Domino’s CEO Says Food Delivery Model Broken

Domino's Pizza boxes

The chief executive officer of Domino’s Pizza — the world’s largest pizza company by sales — said a “significant shakeout” is coming to the food delivery space, Yahoo Finance reported on Monday (Dec. 30).

Domino’s Pizza CEO Richard Allison told the news outlet that third-party food delivery companies such as Grubhub and Uber Eats will eventually have to turn their attention to making a profit.

“I think we will see some shake-out in the third-party [food delivery] space,” Allison said. “Delivery as a service that these third parties are offering [is] not sustainable in its current form.” 

He pointed to Grubhub’s profit and loss statement after it changed its business model from order aggregator to third-party delivery company. 

“They have grown revenue very rapidly but their profit has declined to almost nothing. DoorDash is private, but speculation is out there they could be losing close to half a billion dollars,” Allison said. 

A Grubhub spokesperson said that while the food delivery space has “few barriers” to enter, there are “major barriers to creating a sustainable, profitable business.”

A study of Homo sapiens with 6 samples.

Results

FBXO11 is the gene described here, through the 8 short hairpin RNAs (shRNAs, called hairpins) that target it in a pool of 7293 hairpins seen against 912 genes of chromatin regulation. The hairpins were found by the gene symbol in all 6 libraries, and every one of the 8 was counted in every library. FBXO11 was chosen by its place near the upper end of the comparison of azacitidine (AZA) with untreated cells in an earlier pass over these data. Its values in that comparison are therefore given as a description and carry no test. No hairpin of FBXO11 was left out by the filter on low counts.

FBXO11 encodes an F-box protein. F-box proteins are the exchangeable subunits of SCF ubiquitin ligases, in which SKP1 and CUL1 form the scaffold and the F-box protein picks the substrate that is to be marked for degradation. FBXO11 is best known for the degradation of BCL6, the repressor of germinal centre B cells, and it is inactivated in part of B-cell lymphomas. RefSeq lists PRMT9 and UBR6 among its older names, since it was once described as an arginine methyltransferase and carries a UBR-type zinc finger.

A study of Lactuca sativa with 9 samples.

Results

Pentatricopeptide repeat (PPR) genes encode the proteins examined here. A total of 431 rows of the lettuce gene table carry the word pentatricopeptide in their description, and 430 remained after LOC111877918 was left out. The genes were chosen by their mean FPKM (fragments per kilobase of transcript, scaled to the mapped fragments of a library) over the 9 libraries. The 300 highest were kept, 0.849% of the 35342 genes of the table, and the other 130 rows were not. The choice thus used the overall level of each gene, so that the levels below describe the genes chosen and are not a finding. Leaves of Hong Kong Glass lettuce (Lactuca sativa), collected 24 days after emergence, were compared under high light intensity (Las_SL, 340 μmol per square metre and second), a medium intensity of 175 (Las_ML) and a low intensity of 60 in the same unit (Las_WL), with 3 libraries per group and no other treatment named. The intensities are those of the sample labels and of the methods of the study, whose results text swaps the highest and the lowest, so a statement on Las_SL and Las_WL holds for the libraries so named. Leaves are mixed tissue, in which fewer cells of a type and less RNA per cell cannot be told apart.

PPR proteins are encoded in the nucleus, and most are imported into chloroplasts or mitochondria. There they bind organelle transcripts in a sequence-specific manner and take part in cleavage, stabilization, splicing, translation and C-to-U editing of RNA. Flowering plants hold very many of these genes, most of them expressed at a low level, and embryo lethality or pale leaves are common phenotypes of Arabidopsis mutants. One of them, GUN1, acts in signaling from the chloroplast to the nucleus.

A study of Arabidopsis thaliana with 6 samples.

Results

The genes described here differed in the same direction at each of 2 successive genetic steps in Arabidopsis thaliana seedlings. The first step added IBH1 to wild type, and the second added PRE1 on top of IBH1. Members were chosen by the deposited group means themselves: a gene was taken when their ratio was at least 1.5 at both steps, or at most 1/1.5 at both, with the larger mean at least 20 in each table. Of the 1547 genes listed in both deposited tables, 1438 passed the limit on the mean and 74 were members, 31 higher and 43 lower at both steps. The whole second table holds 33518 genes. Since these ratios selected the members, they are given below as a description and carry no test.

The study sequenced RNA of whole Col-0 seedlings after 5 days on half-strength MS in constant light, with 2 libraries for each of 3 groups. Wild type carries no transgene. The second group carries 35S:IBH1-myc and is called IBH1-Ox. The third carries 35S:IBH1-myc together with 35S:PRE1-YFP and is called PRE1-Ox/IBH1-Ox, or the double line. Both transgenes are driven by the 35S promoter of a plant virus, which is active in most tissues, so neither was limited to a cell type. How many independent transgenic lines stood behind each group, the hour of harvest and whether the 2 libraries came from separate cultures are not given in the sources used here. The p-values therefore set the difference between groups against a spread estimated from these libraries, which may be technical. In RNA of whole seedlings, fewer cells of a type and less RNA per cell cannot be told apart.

Grubhub’s stock is down about 35 percent year to date and third-quarter sales announced in October totaled $322 million, missing analysts’ forecasts of $330.5 million. For the nine months ending Sept. 30, Grubhub’s non-GAAP net earnings dropped to $77.5 million from $135.7 million a year earlier despite a 35 percent uptick in sales. 

“We will be moving quickly, spending more and trying many different strategies over the next 12-18 months to increase restaurant supply aggressively while making our diner experience more sticky — effectively taking action to remove any reason for diners to look anywhere else,” Grubhub Founder and CEO Matt Maloney said in an October letter to shareholders.

To turn those numbers around, Grubhub has increased user incentives and will add more restaurants.

Uber Eats lost $911 million on adjusted earnings before interest, tax, depreciation and amortization (EBITDA) basis for the nine months ending Sept. 30, up from a $323 million loss a year ago. Uber’s latest filing pointed to numerous issues with Uber Eats that are not expected to be resolved in the immediate future.

“Back in July or August I might have felt like this could go on for some indefinite period of time because there seemed to be — particularly in the private market — an appetite to drive growth with little regard to profitability,” Allison said. “I think there is less patience out there among investors today in December of 2019 than there was in July or August. But I don’t know when the shakeout ultimately comes.”

In August, Domino’s Pizza said it would not use third-party delivery apps and would instead continue to rely on its own employees to make deliveries from its 6,000 U.S. stores and most of its 11,000 international ones, as well as runs its own online-ordering app.

Domino’s said in October that it was looking to build more brick-and-mortar locations so that it can be closer to more real and potential customers, reducing its own delivery times.